A change in government gives Corridor Resources hope it can frack once again in New Brunswick
Fracking might not be dead in New Brunswick after all, and that’s good news for Corridor Resources Inc.
With the Progressive Conservatives taking power in November 2018, Premier Blaine Higgs has proposed lifting a moratorium on hydraulic fracturing that’s been in place since 2014. However, the premier isn’t proposing to lift it for the entire province. For now, it would only be allowed in the Sussex area. That’s important for Halifax-based junior oil and gas company, Corridor Resources. Its McCully shale gas field is in the Sussex region and has produced 57 billion cubic feet of natural gas since it was discovered in 2000.
The company says it has 11 locations in the Hiram Brook formation where the McCully field is located and it would like to drill on them. However, because all the locations need to be fracked to be productive, the gas is stranded―unless Premier Higgs gets the moratorium lifted for the Sussex area. “We are hopeful this will result in the permanent removal on hydraulic fracturing in Corridor’s key operating area,” the company said in a Dec. 18 press release.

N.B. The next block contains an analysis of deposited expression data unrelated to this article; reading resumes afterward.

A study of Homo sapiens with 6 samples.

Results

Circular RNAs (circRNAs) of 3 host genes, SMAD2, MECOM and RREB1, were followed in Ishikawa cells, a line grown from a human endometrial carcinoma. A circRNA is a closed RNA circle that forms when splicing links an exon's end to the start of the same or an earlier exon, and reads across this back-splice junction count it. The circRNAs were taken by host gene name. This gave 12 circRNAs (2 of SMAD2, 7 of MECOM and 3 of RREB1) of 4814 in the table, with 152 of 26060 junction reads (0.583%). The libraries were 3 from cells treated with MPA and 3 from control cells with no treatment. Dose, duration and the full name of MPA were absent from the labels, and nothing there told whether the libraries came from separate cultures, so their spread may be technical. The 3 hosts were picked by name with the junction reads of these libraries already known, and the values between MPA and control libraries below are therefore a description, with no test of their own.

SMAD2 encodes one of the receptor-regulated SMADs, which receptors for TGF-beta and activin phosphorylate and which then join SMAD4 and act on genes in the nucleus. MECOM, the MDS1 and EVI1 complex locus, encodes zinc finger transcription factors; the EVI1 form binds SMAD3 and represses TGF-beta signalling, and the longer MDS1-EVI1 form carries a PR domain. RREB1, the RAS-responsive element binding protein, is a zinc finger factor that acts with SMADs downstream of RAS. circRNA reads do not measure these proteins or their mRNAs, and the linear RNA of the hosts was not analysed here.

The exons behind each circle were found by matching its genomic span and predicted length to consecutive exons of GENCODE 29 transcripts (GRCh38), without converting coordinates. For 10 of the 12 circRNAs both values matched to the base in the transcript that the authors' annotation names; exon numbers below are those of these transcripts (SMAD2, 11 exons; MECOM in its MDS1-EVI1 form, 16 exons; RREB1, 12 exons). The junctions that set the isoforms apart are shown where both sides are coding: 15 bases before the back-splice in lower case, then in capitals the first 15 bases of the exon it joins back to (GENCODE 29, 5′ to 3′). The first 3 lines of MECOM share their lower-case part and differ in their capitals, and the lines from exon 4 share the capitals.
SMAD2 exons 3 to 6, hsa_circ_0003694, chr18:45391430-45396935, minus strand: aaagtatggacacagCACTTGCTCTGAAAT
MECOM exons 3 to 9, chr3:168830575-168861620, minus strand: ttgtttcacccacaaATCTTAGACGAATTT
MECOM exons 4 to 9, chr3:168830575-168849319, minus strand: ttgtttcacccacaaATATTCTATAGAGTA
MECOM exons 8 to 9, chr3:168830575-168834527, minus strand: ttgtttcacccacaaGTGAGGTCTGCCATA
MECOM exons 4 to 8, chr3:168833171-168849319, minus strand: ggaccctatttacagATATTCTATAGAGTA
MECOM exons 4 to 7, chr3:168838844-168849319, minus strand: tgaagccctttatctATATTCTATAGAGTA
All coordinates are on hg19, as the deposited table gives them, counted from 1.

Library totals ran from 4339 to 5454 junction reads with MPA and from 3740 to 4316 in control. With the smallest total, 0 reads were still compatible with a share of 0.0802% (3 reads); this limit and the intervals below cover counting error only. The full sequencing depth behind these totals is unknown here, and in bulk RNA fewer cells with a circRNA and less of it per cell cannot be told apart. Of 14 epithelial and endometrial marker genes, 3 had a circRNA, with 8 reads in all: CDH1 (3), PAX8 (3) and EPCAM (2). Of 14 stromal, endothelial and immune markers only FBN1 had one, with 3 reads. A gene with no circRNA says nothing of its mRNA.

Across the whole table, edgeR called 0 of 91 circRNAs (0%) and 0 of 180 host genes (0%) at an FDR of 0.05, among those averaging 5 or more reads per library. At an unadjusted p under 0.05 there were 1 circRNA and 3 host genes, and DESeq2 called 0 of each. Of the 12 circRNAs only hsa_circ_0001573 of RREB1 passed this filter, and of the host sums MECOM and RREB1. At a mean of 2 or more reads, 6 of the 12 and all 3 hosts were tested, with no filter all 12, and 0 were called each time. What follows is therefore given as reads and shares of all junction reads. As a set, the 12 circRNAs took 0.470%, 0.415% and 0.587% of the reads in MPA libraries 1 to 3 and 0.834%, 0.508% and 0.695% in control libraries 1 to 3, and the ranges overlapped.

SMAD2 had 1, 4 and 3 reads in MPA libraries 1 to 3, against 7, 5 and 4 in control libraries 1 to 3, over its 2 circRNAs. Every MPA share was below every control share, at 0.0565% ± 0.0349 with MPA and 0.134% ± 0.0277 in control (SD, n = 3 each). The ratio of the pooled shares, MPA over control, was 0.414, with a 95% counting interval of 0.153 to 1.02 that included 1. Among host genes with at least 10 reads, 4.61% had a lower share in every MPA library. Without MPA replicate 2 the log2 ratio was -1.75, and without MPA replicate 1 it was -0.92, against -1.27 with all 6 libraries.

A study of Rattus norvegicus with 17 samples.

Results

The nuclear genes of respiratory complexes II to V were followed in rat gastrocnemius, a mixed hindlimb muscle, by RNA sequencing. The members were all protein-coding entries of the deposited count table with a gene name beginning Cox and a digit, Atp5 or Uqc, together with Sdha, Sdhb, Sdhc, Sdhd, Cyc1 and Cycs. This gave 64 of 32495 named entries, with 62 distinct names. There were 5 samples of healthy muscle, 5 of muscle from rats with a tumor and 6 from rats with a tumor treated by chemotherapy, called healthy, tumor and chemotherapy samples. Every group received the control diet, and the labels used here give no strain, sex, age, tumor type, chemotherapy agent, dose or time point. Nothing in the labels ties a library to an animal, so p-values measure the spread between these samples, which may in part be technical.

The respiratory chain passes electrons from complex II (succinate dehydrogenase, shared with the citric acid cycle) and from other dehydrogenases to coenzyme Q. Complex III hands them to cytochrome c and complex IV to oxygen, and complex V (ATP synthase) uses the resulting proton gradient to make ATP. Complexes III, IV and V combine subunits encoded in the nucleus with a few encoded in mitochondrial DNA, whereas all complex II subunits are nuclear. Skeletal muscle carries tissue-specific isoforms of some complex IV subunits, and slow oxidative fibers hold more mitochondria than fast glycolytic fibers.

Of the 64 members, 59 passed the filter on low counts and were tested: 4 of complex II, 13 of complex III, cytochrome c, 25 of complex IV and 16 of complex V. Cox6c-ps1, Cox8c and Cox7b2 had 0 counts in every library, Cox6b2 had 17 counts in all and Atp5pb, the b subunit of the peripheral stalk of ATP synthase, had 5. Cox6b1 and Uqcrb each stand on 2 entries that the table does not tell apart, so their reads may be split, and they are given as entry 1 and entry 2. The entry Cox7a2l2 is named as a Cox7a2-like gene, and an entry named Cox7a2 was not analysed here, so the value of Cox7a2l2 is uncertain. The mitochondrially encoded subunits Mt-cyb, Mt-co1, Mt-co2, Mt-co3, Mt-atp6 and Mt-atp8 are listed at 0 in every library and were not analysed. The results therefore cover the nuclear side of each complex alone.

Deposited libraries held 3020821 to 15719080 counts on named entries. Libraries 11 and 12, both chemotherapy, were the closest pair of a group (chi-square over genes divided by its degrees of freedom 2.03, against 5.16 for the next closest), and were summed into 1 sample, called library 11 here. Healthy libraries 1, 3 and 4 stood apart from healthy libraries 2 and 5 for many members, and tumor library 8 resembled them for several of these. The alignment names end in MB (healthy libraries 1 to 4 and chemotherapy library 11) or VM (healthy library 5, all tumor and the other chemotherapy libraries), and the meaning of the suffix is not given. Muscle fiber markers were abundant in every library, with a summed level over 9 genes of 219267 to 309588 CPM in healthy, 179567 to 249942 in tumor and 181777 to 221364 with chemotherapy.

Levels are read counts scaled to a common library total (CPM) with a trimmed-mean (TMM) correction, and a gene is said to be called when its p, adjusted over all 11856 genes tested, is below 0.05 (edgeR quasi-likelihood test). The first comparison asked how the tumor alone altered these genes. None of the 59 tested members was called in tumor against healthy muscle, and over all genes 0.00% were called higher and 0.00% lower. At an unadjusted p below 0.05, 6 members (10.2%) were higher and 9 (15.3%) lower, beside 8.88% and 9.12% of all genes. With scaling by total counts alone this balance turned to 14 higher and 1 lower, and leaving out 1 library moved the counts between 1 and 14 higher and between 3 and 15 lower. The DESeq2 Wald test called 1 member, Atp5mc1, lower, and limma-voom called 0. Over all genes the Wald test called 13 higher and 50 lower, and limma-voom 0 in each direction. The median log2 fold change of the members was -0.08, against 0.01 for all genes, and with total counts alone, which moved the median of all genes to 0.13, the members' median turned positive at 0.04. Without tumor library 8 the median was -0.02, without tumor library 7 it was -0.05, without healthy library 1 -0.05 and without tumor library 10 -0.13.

The Hiram Brook formation isn’t the only natural gas assets Corridor has in the Sussex area. It also has the Frederick Brook shale. So far, 13 wells have been drilled into that shale and a 2016 resource study assessed the potential there at 52 trillion standard cubic feet. However, the company hasn’t classified any of it as recoverable. It says it’s looking for a joint venture partner to bring capital and shale gas expertise to conduct a pilot project to evaluate Frederick Brook.
“As the scope and scale of the opportunity in the Frederick Brook shale represents a significant upside potential for Corridor and its shareholders, this will be Corridor’s top objective moving forward,” the company said in the release.